Drone enthusiasts have been dreaming up applications for the tiny, unmanned flyers for years but federal regulations have kept many of the ideas grounded. No longer.
New rules governing the use of the flying objects introduced by the Federal Aviation Administration on Monday – regulations that go by the bureaucratic title “Part 107” – open the door for companies throughout the country eager to test the possibilities drones offer.
“Part 107 has democratized the sky,” said Jonathan Evans, chief executive of Portland-based Skyward, a startup that helps companies navigate drone regulations.
“Today, there are just over 500,000 pilots with a traditional pilot’s license in the United States,” Evans wrote in an email to The Oregonian/OregonLive. “Soon, there will be millions of drone pilots using our national airspace.”
Until now, businesses that wanted to use drones had to apply for an exemption from the FAA’s existing rules. That approval process could take as long as nine months, and could cost more than $1,000.
Under the FAA’s new rules, those looking to use drones for their business simply have to apply for a 107 rating. Approval takes a week or two and costs about $150.
Those in the drone industry say the new rules are a long time coming.
Chuck Allen, executive director of SOAR Oregon, a nonprofit dedicated to growing the state’s drone industry, said though only 80 people had authorization to fly drones commercially in Oregon, hundreds were doing so anyway.
Those people are likely breathing a sigh of relief now that they have a cheaper, faster way to get that authorization, he said.
The FAA, citing industry estimates, said the new rules could generate more than $82 billion for the U.S. economy and create more than 100,000 new jobs over the next 10 years.
Allen cautioned that no one knows how much the industry could generate, because the amount depends on the FAA’s ability to quickly put rules in place to manage new sectors.
The new rules will allow Oregonians – and those throughout the U.S. – to get a piece of this market, regardless of its size.
“It’s going to help jumpstart more manufacturing and innovation,” Allen said.
The industries that will benefit the most? Agriculture and any that can use imaging, he said.
Those waiting for Amazon package delivery via drone will have to keep waiting. Before corporate giants like Amazon and Google deploy thousands of drones throughout the country, they’ll need to build a system to coordinate the traffic. (Like air traffic control, but for lower airspace.)
In some ways, Oregon is uniquely positioned to capitalize on the opportunities that come with the new rules. The state is home to three FAA-approved test ranges and farmers keen to experiment with drone-enabled precision farming.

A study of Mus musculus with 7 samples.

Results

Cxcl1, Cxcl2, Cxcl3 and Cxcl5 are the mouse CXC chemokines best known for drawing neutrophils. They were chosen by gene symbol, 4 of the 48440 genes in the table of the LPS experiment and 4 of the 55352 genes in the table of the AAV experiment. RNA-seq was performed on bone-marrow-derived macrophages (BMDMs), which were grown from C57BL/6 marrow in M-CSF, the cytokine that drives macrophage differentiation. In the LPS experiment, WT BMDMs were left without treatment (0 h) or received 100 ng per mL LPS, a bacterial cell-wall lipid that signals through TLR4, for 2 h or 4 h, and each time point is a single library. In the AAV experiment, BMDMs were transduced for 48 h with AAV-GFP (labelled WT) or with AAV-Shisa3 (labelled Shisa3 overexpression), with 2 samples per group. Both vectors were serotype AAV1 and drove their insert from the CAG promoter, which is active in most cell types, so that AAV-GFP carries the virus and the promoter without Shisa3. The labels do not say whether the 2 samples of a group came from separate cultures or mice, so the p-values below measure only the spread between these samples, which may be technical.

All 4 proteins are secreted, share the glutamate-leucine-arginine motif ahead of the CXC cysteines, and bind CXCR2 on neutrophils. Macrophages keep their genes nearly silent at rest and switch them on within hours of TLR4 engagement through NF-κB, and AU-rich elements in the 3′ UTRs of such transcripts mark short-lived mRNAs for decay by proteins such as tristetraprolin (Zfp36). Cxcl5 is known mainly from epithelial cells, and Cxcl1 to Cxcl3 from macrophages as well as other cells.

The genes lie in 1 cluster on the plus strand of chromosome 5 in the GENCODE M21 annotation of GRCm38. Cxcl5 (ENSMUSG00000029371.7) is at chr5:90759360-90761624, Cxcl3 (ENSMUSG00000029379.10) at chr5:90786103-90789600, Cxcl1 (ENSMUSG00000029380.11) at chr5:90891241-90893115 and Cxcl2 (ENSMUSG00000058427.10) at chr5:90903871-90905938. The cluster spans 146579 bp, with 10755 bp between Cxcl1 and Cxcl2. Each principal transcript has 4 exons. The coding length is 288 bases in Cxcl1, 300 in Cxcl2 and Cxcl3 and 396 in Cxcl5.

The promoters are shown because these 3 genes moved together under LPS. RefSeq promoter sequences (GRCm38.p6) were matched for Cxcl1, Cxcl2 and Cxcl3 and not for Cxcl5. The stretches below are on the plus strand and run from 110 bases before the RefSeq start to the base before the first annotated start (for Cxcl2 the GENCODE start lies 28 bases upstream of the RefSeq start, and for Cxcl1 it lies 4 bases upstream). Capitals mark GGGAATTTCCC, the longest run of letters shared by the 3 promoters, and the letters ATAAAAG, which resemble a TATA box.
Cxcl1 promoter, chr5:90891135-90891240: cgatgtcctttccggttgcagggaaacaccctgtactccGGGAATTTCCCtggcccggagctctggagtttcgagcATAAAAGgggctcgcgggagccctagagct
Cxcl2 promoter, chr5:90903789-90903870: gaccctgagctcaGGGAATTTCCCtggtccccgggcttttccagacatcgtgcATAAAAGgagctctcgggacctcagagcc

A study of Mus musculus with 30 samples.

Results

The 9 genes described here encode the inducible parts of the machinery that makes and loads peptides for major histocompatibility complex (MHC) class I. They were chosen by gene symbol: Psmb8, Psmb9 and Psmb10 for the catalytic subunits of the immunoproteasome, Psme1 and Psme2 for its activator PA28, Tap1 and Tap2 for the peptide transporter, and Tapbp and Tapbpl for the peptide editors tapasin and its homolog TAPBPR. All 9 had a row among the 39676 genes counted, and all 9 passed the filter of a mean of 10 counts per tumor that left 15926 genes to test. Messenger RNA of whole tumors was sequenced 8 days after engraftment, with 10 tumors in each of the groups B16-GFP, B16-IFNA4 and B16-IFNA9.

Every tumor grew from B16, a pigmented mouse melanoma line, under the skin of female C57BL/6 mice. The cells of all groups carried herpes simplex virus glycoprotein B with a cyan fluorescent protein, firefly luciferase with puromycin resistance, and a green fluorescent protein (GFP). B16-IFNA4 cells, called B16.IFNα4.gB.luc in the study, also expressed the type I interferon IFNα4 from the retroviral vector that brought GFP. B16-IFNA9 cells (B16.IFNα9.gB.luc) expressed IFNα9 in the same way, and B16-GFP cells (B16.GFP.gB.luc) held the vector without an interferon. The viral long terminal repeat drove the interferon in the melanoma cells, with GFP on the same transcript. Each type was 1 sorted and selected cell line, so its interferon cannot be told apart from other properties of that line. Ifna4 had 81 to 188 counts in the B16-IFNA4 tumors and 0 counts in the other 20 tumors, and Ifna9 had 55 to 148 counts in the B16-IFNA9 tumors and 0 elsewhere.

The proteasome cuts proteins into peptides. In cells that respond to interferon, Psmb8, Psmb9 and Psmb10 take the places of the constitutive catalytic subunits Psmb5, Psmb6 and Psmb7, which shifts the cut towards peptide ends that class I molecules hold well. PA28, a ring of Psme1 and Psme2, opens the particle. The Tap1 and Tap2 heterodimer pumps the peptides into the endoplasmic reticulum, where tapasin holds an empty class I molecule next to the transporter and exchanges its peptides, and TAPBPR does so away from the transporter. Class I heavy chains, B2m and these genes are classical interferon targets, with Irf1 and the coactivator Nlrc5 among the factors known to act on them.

It’s also home to several companies like Skyward that got into the drone business early, and are banking on an increasing number of clients who need help making sense of the new rules and incorporating drones into their business.
Chipmaker Intel is also betting drones will become a strong new category as its income from PCs dwindles.
It has showcased the technology by using software it developed to deploy dozens of drones simultaneously for high-tech light shows, and FAA administrator Michael Huerta put Intel CEO Brian Krzanich in charge of an advisory committeethat will guide future rulemaking.
At Aerial Technology International in Wilsonville, the calls are increasingly rolling in, said chief technology officer Lawrence Dennis.
The company, which integrates and builds drones for clients in the agriculture, mining, surveying and construction industries, is hoping the new rules provide an easier regulatory route for industry newcomers, freeing up FAA time for waiver requests from more advanced companies.
For companies like ATI, Dennis explains, more excitement surrounds the add-ons like software and sensors, rather than the drones themselves.
“Drones are a commodity right now,” he said. “But the drones right now are almost incidental in what people are trying to do. The more exciting stuff is in the payloads and what we can we do with them.”
The new rules will allow the market to shift, said Brian Whiteside, president of Corvallis-based VDOS Global, a company that flies drones for companies and trains employees how to use them. The firm also offers an app, Drone Complier, that guides new users through the FAA’s regulations.
First, Whiteside expects the new rules to make life easier for established companies like his. It will also spur more competition, he said.
“It’s so new it’s hard to tell what’s going to happen, but we’re definitely excited about the future,” he said. “There’s going to be a whole lot more opportunity in the market, and it’s going to shake things up.”